Raymond Green Vance ID’d as final victim in Colorado LGBT club shooting as cops describe how clubgoers stopped gunman


Vance was among five fatal victims who were shot and killed by suspect Anderson Lee Aldrich, authorities alleged. Gunfire from the 22-year-old shooter also left scores injured at Club Q in Colorado Springs during Saturday night’s mass shooting, police said.

Vance’s girlfriend of five years, Kassy Fierro, remembered the 22-year-old victim in a series of Facebook posts Monday, according to the Denver Post.

“ill never be able to heal from this. i want to wake up from this horrendous nightmare,” she wrote in part of one emotional post, adding later. “u didnt deserve this. u are the brightest light. u made everyones life so much better.”

The other victims identified were Club Q bartenders Daniel Davis Aston, 28, and Derrick Rump, 38, as well as Ashley Paugh, 35, and Kelly Loving, 40, authorities said.

Raymond Green Vance
Raymond Green Vance was among five fatal victims who were shot and killed by suspect Anderson Lee Aldrich.
Colorado Springs Police

The tragic bloodshed could’ve been worse, but an Army veteran was one of two clubgoers to jump in and stop the gunman, according to authorities and news reports.

Richard Fierro, the father of Kassy Fierro, served in Iraq and Afghanistan. He told the New York Times Monday he “went into combat mode” when gunfire erupted inside the club.

“I don’t know exactly what I did, I just went into combat mode,” he told the newspaper. “I just know I had to kill this guy before he kills us.”

After originally hitting the floor, he said he ran across the room where the gunman was and pulled him to the floor by the handle of the body armor the shooter was wearing, according to the Times.

Ashley Green Paugh
Ashley Green Paugh was another victim in the fatal Colorado Springs shooting.
Facebook/Kimberly Paugh
Kelly Loving
Kelly Loving was a victim in Club Q shooting.

“Was he shooting at the time? Was he about to shoot? I don’t know,” Fierro recounted. “I just knew I had to take him down.”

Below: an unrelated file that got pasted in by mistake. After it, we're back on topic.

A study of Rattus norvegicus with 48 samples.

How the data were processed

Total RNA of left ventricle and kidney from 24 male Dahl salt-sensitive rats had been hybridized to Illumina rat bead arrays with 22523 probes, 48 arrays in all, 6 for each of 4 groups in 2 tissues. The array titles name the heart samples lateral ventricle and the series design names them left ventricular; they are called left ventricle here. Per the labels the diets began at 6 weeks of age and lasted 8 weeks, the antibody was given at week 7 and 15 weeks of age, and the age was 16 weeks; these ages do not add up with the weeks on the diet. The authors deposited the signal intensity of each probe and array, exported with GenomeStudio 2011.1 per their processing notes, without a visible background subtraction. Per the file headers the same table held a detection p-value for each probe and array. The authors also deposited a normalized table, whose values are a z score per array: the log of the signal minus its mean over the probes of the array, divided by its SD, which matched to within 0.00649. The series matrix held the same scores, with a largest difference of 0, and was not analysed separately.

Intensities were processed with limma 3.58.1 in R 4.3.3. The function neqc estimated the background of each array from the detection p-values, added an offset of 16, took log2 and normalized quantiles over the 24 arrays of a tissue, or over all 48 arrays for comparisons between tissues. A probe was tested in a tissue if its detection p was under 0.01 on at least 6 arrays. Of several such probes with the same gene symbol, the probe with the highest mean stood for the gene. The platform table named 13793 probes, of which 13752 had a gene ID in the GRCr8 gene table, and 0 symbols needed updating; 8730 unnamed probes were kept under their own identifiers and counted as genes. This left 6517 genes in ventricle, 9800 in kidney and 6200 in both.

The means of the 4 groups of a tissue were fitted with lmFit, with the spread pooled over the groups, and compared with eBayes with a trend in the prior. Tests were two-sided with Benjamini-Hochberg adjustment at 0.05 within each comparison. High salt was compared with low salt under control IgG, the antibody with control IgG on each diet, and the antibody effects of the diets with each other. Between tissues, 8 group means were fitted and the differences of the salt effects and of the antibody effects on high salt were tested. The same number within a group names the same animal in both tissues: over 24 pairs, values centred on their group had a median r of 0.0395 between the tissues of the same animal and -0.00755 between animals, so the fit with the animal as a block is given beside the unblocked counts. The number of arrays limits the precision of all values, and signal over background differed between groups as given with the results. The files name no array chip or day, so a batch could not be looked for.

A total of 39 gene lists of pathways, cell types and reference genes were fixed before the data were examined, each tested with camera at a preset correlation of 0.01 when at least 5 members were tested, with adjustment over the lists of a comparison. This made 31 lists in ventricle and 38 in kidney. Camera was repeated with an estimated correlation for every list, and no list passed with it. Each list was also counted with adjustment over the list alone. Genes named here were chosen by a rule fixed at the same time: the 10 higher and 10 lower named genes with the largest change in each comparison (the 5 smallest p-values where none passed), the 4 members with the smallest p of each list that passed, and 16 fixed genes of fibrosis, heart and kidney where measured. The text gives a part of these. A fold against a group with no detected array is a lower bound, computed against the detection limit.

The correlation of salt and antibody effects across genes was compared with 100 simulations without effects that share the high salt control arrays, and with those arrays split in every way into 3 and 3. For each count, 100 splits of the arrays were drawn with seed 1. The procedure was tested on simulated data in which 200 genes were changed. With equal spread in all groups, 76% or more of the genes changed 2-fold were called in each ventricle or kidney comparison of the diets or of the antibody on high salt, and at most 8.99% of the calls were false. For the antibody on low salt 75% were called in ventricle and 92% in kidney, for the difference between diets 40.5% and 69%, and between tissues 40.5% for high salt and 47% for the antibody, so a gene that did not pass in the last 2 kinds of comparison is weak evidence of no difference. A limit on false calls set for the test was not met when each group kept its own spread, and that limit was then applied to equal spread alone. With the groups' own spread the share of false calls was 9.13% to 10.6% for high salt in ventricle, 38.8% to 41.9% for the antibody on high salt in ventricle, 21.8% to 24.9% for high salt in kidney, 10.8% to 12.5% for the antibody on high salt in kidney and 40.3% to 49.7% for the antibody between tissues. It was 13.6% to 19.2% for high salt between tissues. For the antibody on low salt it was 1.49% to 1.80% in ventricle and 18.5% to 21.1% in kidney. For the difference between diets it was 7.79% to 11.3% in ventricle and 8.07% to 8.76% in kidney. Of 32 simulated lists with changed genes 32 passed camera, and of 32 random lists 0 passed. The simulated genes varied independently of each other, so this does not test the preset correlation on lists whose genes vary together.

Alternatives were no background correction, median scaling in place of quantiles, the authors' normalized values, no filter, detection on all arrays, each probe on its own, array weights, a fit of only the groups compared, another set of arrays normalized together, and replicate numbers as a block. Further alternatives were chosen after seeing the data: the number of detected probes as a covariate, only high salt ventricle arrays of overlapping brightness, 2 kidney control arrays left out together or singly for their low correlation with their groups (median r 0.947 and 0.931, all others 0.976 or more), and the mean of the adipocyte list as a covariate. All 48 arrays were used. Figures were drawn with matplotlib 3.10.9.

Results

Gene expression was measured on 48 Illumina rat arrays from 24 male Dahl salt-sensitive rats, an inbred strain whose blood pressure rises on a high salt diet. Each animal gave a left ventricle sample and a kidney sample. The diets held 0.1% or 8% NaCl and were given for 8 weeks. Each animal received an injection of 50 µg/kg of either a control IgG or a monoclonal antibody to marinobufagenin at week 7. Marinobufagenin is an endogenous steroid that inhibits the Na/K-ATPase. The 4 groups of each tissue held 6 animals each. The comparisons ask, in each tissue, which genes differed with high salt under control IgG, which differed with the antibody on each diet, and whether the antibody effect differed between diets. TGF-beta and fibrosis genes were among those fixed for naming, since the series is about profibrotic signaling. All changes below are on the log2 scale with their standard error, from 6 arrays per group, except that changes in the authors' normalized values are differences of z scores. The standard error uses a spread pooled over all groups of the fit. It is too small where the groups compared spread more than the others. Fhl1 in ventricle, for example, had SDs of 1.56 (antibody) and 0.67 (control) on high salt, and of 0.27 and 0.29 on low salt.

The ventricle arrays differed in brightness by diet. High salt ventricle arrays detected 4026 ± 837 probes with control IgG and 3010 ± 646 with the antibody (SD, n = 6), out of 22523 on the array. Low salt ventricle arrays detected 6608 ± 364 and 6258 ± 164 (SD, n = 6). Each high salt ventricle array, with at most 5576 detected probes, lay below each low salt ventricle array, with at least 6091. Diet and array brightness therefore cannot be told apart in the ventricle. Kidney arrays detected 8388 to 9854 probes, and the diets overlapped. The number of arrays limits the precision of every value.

The shooter’s rifle fell out of the reach of the gunman as the two fell to the floor, Fierro said, according to the Times. But when he reached for a pistol Fierro took it out of his hand and started “hitting him in the head, over and over,” Fierro said.

Another man grabbed the rifle and moved it further away from the suspect while a drag queen stomped on the killer’s head before police arrived, according to the Times report.

The other man police said helped stop the shooting was identified as Thomas James, Colorado Springs Chief Adrian Vasquez said during a Monday press conference.

“In my opinion and the opinion of everyone involved, he saved a lot of lives … I have never encountered a person who has engaged in heroic action that (sic) was so humble about it. He simply said to me, ‘I was trying to protect my family,’” said Colorado Springs Mayor John Suthers of Fierro at the press conference.

Derrick Rump and Daniel Davis Aston
The Club Q bartenders were shot and killed during a mass shooting hate crime in Colorado Springs.

Authorities said the investigation into the shooting was ongoing and would take time.

Aldrich would appear in court in the next couple of days once he is released from the hospital, said Michael Allen, the district attorney in Colorado’s 4th Judicial District.

Allen said charges against Aldrich were not filed yet, though previous reports citing court records indicated he could face five murder charges and five charges of bias-motivated crime causing bodily injury.

“It’s important that if we have enough evidence to support bias-motivated crimes, to charge that. It’s important for this community,” Allen explained. “It’s important for the prosecution effort to show why something happened. And if there is enough evidence to support that in this case, when we get to the formal filing charges, we will absolutely be including those charges as well.”

Colorado US Attorney Cole Finegan didn’t say if federal hate crime charges will be filed separately, but he said his office will be “looking closely at all the facts in this case.”